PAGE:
Kuei join Rup and Pakam in truce to end years of intra-ethnic violence

28 Jan 2019

Kuei join Rup and Pakam in truce to end years of intra-ethnic violence

Tonny Muwangala

A celebration horn was sounded as the Kuei community joined neighbouring Rup and Pakam communities in signing a truce to end over five years of intra-ethnic communal attacks in Greater Lakes.

This came as a result of a two-day peace dialogue that was spearheaded by the United Nations Mission in South Sudan (UNMISS) together with partners, Oxfam and African Mission Assistance (AMA).

 The event, which took place at Among-Piny county headquarters, focused on ending years of deadly cattle raids, revenge attacks, kidnaps and rapes among the three predominantly Dinka communities that occupy the Western part of the Lakes area.

“My heart is always throbbing and I’m always praying to God that I don’t fall in an ambush of armed youth,” said Nyatoch from the Rup community in Among-Piny, expressing the greatest fear she and other women face while tending to their gardens.

“This must stop now that we have this peace dialogue. This peace should hold,” said the mother of five.

UNMISS’s Civil Affairs Officer Tunji Namaiko, who headed the delegation, emphasized the importance of involving the Kuei community in the dialogue between Rup and Pakam who had already signed an agreement for peaceful co-existence in December last year.

“The Kuei are a very important party to this conflict, said Namaiko. “Since they were not involved in the initial stages of the peace process, it was very important that at this moment we bring all the three stakeholders to ensure that this process is very inclusive and more sustainable,” concluded the UN official.

Sitting under a tamarind fruit tree in the compound of the county headquarters, in a seemingly casual conversation, one could not easily tell the magnitude of the issues being discussed. Yet, youth leaders, women representatives, local authorities, chiefs and other cultural leaders were determined to end a spate of intra-communal violence that has seen hundreds lose lives. 

14-year-old Deng from the Kuei community also hopes that this peace dialogue will end his worries as a young herdsman.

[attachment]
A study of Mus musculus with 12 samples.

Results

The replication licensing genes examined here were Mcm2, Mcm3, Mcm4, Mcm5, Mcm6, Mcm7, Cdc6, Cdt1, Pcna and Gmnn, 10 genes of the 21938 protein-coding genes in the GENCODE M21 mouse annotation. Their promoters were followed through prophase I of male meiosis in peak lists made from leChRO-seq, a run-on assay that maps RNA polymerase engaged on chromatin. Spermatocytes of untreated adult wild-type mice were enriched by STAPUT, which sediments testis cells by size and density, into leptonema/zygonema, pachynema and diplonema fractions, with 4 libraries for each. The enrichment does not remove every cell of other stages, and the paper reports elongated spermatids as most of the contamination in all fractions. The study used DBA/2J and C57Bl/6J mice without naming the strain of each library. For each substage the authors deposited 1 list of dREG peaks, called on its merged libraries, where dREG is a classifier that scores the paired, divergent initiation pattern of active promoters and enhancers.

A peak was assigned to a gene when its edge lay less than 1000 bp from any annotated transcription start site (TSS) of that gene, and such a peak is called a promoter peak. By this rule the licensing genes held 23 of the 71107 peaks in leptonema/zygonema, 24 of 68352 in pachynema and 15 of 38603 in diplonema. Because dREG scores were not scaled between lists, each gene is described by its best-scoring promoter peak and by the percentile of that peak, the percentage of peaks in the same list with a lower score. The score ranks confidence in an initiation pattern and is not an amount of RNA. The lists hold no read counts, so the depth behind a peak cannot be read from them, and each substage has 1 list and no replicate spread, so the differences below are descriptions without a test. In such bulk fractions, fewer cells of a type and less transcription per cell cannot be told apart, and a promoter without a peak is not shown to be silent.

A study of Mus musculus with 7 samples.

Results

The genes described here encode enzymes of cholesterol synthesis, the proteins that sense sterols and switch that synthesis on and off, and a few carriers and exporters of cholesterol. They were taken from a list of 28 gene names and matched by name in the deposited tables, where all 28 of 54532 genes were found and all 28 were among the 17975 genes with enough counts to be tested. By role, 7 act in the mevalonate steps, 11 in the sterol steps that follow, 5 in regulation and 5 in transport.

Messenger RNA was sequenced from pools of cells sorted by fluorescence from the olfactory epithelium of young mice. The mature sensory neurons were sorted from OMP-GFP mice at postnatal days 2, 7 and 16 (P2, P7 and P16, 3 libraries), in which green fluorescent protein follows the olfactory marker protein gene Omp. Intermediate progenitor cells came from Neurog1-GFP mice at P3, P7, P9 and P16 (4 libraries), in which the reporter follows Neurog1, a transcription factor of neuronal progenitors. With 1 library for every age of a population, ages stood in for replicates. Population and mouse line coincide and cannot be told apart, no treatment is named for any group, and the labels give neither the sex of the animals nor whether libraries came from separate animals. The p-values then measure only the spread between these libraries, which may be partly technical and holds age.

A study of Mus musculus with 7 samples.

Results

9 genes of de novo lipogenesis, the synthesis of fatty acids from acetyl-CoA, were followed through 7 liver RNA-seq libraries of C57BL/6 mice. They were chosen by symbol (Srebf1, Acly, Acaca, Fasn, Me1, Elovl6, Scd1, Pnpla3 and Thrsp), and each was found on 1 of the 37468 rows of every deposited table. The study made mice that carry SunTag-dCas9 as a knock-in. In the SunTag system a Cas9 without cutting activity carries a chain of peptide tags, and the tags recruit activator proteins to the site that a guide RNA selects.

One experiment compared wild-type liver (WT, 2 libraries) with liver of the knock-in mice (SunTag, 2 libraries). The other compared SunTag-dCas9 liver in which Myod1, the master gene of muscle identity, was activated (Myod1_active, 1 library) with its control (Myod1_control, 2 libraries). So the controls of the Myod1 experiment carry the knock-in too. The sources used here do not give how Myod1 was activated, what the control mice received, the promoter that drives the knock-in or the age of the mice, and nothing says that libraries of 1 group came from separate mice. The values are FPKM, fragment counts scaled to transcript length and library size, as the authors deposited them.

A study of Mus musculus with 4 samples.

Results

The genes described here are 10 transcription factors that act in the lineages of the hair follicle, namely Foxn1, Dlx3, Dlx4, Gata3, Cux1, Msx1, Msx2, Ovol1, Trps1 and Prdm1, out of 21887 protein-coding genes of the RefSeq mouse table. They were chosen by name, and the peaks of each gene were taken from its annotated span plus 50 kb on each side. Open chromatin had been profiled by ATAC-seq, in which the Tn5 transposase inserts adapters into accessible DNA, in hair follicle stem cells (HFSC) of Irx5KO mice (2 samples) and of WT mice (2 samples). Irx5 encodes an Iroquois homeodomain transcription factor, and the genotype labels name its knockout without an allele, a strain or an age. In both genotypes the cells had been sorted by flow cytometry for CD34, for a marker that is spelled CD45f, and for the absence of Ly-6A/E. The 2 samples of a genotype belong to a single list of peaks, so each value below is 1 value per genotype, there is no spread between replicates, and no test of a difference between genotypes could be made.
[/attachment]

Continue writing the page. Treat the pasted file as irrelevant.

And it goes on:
“Sometimes we are kidnapped; your father’s cattle are stolen and sometimes they kill us. Now that the big people are talking, they should think about our safety,” he said.

At the very core of this dialogue was the issue of providing safe passage to the Pakam who had evaded Western Lakes areas for fear of a possible revenge attack.

Mawut Manuel, the commissioner of Among-Piny county re-assured the returnee Pakam people of safe passage.

“It has been agreed that the Pakam who had fled to Eastern Lakes region return to Western Lakes region within two weeks because we have resolved all the issues that forced them to leave,” he said.

The youth who are always at the centre of planning and executing these attacks pledged to turn into peace-builders as they go back to their areas of origin.

“We have wasted a lot of our time in this fighting, and this is the time for it to end it,” said Marial Tur from the Rup community.

His counterpart, Sadi from the Kuei community, also carries the same message to the youth under his leadership.

“We are appealing to the government to work together with us to ensure that the resolutions made here are implemented,” he said.

To re-echo their commitment to this process, youth leaders sounded a stern warning to those they lead.

“I have attended nine peace conferences but the one of today should be the very last. Whoever plays around with our peace this time round should be handed over to government and dealt with,” stressed Matur Marial, a Pakam youth leader.

UNMISS and partners are also optimistic that agreement will hold.

“We are very hopeful that this dialogue will hold. There was a strong government will and support in this process and the community also showed a lot more commitment than before,” said Tunji Namaiko.